Support journalism that lights the way through the climate crisis by June 3

Goal: $100k

As I wrote in a recent column, polling from the U.S. shows a strong majority of Americans support the idea of a civilian climate corps. But no similar polling had been done in Canada.

Not anymore. Eager to see what Canadian public opinion makes of a climate corps, the Climate Emergency Unit (with which I work) commissioned a poll. The results are now in, and they are very good news for all who wish to see a ramp-up in Canada’s climate transition.

The headline finding? A majority of Canadians support the idea of creating a Youth Climate Corps (YCC). According to a national survey conducted by Abacus Data, after being given a short description of the program, 55 per cent of adult Canadians support it, while a further 23 per cent say they can accept it. Only 12 per cent oppose the idea.

The results are even stronger among those aged 18 to 35 (the cohort for whom the program is designed). Among this younger demographic, support rises to 65 per cent, with 33 per cent saying they “strongly support” the idea of a YCC (and only six per cent opposed).

Full poll results are available here and include results broken down by region, age, gender and political voting intention. The online poll surveyed 2,200 adults in Canada between Oct. 27 and Nov. 1.

"Support for a Youth Climate Corps crosses demographic, regional and political lines," said David Coletto, CEO of Abacus Data. "While there is more intense appeal among those who align centre-left on the political spectrum, a majority of Conservative Party voters also support or can accept the program." Specifically, the survey found 92 per cent of NDP, 91 per cent of Liberal, 85 per cent of Bloc, and, remarkably, 64 per cent of Conservative supporters indicate they support or can accept a Youth Climate Corps program. This is a political winner.

The Youth Climate Corps campaign is calling on federal and provincial governments to launch and fund an ambitious new youth training and employment program, inviting young people to spend two years confronting the climate emergency.

As envisioned, the program would be both a call to serve and an opportunity to get trained up in the skills needed to address the climate crisis over the coming years. It would offer hands-on paid experience to thousands of youth as they contribute to a just transition away from a fossil fuel-dependent economy. YCC jobs would include: emergency response during extreme weather events; building community and ecological resilience in the face of climate disruptions; and building the climate infrastructure needed to drive down greenhouse gas emissions (renewable energy, home retrofits, public transit, etc.)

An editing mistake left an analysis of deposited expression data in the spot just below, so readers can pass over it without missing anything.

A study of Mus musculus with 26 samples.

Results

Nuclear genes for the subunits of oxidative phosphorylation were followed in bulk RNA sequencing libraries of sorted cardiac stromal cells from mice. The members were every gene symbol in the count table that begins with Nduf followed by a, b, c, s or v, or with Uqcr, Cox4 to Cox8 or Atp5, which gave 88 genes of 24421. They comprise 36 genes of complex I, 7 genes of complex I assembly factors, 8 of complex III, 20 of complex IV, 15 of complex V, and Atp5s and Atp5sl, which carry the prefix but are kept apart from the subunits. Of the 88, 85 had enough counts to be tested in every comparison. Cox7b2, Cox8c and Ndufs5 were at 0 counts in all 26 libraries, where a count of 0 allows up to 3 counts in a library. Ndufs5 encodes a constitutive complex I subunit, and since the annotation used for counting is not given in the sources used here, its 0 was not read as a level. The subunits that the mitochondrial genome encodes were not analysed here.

A new poll shows strong support for a Youth Climate Corps. @SethDKlein writes for @NatObserver #ClimateEmergency #YouthClimateCorps #JustTransition

Those who indicated support for a YCC said the most compelling reasons for doing so were, firstly, that young people would “gain vital skills in areas of great need, skills that would set them on a positive career path,” closely followed by “It would be an opportunity for young people to serve their communities and the country as we respond to the climate crisis.”

Ready to serve

The most heartening element of the results came from a survey question that asked those 35 and under, “If a program like this existed, how likely are you to consider enrolling in a Youth Climate Corps for two years?”

The poll found a whopping 65 per cent of people aged 18 to 35 across Canada would consider enrolling in a Youth Climate Corps for two years. Even more remarkable: 15 per cent of these younger respondents indicated they would “definitely” consider enrolling.

There are roughly nine million people in Canada between the ages of 18 and 35. If 15 per cent of them would “definitely” consider enrolling in the YCC for two years, that’s about 1.3 million people. Now that, friends, is a genuine mobilization!

This is what has been missing from our climate policy response to date. We are losing so much of the public with endless debates and discussions about esoteric, technocratic, wonky climate policy — output-based pricing systems, climate contracts for difference, carbon offsets, low-carbon tax credits, carbon capture and storage… Enough! Hundreds of thousands of young people are telling us they are ready to serve. Please, for the love of God, could our governments just sign these folks up as quickly as possible, and put them to work meeting this emergency moment?

Notably, interest in enrolling was highest among young people on the Prairies and Atlantic Canada (those parts of the country where the bulk of our fossil fuel extraction occurs), followed by Quebec.

Specifically, 47 per cent of Albertans between the ages of 18 and 35 said they either “definitely” or “probably” would consider enrolling in a YCC, with an additional 20 per cent saying they would “consider” it. Only 20 per cent said they probably or definitely wouldn’t consider it. In Atlantic Canada, a combined 73 per cent said they would consider enrolling, while in Saskatchewan and Manitoba, 72 per cent said the same. It would seem that, notwithstanding all the push-back from their governments, a majority of young people in these regions see the writing on the wall when it comes to the future of fossil fuels.

The polling results send a powerful message that Canadians are ready to address the climate emergency with urgency, dedication and a strong sense of solidarity. All across the country, young people are ready to enlist in a Youth Climate Corps, contribute to our communities and meet the greatest civilizational threat of our lifetimes.